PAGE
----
The study of housing and debates in the field of Social Policy, and in relation to poverty in particular, have for some time operated in what Mark Stephens and Guido van Steen labelled ‘disjointed literatures’.
Housing studies is located at the interface with several disciplines, but began to grow apart from social policy in the 1980s. Methodological conventions – for example whether to take “households” or “individuals living in households” as the unit of measurement – evolved separately. Even more importantly, understanding of interconnections between housing and other social policies has been hindered. We have separate learned societies, journals and, thus, considerable separation in our academic communities. This separation is becoming harder to defend, however, as developments in relation to housing – in particular, rising house prices and housing costs – threaten to impinge on household living standards to a greater extent than in the recent past.
The significance of housing in terms of the incidence and experience of poverty in particular, and to the concerns of Social Policy more generally, is both self-evident and multifaceted. Shelter is one of our core human needs, without which life itself is threatened – being adequately housed is thus intrinsically important and its absence can be considered a fundamental deprivation. But housing is also instrumentally important: that is, high housing costs can prevent families from meeting their non-housing needs and can push them into poverty.
At least two recent trends speak to the significance of developments in the sphere of housing for social policy issues. The first – which has received substantial media attention – concerns rising house prices and the multiple social impacts that these are understood to relate to. There is particular concern with the challenges faced by young people in getting on the housing ladder, and with the rise of the so-called ‘Generation Rent’. For those helped onto the property ladder by the ‘Bank of Mum and Dad’, there are worries that that transfers between the generations will play a significant role in determining inequalities within the generation of younger adults. The rise in house prices has not been geographically even and in the UK this is of course a particular concern in London, a global city within a wider nation. Intra-national differences, especially concerning such global cities are often significant in relation to housing but, as John Hudson has argued, they have not always received the attention that they deserve in the comparative social policy literature, where the nation-state remains a dominant unit of comparative analysis.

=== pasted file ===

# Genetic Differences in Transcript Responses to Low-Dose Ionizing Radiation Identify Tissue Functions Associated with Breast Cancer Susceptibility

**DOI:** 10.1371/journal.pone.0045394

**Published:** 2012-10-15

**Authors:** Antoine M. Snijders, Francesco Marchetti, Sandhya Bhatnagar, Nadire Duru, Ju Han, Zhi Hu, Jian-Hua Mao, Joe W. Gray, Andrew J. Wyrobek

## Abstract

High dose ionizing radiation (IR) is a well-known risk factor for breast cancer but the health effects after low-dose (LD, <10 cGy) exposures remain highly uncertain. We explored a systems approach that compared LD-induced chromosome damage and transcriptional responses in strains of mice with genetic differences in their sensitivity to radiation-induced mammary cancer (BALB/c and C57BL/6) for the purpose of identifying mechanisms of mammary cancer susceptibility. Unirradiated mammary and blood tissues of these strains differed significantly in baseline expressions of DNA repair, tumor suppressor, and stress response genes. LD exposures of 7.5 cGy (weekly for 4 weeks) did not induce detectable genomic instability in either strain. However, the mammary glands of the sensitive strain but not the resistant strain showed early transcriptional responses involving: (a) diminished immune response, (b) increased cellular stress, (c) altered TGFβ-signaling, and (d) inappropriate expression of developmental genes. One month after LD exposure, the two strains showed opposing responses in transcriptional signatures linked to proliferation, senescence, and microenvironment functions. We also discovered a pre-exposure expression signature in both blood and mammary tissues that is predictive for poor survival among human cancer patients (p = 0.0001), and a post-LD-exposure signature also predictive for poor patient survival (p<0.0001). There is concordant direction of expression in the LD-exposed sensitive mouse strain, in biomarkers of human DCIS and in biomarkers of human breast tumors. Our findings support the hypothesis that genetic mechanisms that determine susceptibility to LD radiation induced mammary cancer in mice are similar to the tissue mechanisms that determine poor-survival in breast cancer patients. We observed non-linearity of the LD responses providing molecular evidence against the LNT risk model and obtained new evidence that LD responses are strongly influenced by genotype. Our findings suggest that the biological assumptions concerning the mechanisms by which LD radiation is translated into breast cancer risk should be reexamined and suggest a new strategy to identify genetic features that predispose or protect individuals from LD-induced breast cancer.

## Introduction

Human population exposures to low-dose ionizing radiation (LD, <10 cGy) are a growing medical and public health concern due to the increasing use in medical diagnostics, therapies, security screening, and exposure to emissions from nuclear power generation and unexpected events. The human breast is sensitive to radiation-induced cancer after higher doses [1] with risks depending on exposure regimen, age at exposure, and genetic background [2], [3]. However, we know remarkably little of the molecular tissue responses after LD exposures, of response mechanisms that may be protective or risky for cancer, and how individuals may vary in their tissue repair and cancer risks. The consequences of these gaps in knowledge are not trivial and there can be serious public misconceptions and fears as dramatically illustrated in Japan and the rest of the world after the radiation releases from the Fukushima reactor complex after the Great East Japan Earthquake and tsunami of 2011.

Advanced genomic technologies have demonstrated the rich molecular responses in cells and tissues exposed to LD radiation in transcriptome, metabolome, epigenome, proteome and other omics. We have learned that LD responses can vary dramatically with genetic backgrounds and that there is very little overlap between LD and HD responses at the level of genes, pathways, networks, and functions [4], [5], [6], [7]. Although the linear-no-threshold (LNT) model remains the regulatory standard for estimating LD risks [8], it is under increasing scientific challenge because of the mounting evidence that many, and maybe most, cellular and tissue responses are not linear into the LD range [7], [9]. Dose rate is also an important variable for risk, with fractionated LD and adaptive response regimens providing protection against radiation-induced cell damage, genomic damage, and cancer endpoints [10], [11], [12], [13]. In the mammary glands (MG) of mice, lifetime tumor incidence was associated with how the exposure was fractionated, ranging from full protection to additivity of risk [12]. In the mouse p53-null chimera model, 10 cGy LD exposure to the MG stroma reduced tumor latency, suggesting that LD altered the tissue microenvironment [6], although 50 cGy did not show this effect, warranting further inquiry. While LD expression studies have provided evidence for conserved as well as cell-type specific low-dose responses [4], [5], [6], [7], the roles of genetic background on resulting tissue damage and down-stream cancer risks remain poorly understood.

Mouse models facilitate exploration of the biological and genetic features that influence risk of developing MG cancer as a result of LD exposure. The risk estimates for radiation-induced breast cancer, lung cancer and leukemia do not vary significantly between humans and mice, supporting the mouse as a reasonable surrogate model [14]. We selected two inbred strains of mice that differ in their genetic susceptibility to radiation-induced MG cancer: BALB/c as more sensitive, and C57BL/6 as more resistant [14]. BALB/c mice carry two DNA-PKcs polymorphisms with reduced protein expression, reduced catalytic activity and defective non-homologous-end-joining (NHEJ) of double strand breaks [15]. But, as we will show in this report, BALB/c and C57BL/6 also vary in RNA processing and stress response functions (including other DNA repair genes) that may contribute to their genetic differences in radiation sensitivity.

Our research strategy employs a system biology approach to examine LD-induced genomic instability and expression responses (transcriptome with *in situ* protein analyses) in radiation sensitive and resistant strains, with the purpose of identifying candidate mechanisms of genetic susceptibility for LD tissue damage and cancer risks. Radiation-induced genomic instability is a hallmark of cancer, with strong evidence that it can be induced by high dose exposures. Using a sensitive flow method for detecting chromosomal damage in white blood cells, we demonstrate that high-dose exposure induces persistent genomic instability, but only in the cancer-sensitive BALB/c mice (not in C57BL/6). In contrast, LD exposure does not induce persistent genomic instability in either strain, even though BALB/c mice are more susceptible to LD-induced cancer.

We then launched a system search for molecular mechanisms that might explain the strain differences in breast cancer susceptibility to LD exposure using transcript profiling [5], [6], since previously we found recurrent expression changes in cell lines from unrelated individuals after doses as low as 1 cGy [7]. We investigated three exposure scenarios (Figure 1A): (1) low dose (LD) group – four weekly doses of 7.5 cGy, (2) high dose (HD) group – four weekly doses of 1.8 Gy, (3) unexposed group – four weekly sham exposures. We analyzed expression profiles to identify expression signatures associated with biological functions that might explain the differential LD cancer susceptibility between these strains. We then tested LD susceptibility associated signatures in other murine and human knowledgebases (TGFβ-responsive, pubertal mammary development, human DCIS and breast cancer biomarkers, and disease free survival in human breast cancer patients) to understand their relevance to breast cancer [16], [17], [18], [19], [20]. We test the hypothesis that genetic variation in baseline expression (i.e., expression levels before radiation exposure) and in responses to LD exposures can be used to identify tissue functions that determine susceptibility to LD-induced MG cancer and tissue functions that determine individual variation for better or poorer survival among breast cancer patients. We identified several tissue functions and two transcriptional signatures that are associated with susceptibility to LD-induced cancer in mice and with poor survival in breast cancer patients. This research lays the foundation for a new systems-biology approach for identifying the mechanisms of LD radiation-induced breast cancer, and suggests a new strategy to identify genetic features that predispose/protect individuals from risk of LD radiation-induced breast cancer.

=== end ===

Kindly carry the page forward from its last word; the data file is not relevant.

But as Madden and Marcuse argue, the housing crisis portrayed in the national media often refers to ‘the experiences of middle-class homeowners and investors, who face unexpected residential instability following the 2008 implosion’, rather than the quotidian struggles to meet housing costs without falling into poverty or having to accept low-quality housing as the price for balancing matters financial.
A second important trend concerns the growth in the share of the population living in private rented accommodation in the UK in recent decades. This in turn raises several dilemmas – since the private rented sector is often associated with housing affordability problems, there are concerns about the impact of this shift on rates of poverty. A study of in-work poverty by Rod Hick and Alba Lanau found that the rise in in-work poverty between 2004/5 and 2014/15 in the UK was experienced largely by renters, and by tenants in the private rented sector especially. There is also a risk that rising rents begin to undermine progress in other areas of government policy – for example, by blunting the effect of increases in the minimum wage. For these reasons, analysts and policy-makers working across a variety of areas of social policy are finding themselves needing to consider developments in housing systems.
In all of this, there are important questions about the extent to which developments in the UK are unique, rare, widespread or universal in international terms. For this, comparative study is needed to examine commonalities and differences across countries as well as whether there are common patterns of change over time.
We are working at present on an Economic and Social Research Council-funded study that seeks to move beyond these disjointed literatures. Our study aims to examine and explain the association between housing and poverty in a comparative European context, and how this has changed over the decade between 2005 and 2017, drawing on comparative quantitative data from the EU Statistics on Income and Living Conditions survey. Our project adopts an interdisciplinary approach, conducted by two researchers of poverty who have increasingly found themselves turning to developments in field of housing to make sense of those in relation to poverty in recent years (Hick and Pomati) and a housing studies scholar who has a longstanding interest in its links with poverty (Stephens).
The tide in relation to these disjointed literatures may be about to turn. A new SPA-affiliated Housing Policy Group has been formed (see their earlier blog here) and there has been a newfound prominence of housing-related papers at recent social policy conferences in both the UK and Europe. Moving beyond the disjointed literatures of the recent past and working towards greater integration between housing studies and social policy are important priorities and have the potential to inform analysis and action on some of our most pressing social problems.
Dr Rod Hick is a Reader in Social Policy at Cardiff University.
Professor Mark Stephens is the Ian Mactaggart Chair in Land, Property and Urban Studies at Glasgow University.
Dr Marco Pomati is a Senior Lecturer in Social Sciences and Research Methods at Cardiff University.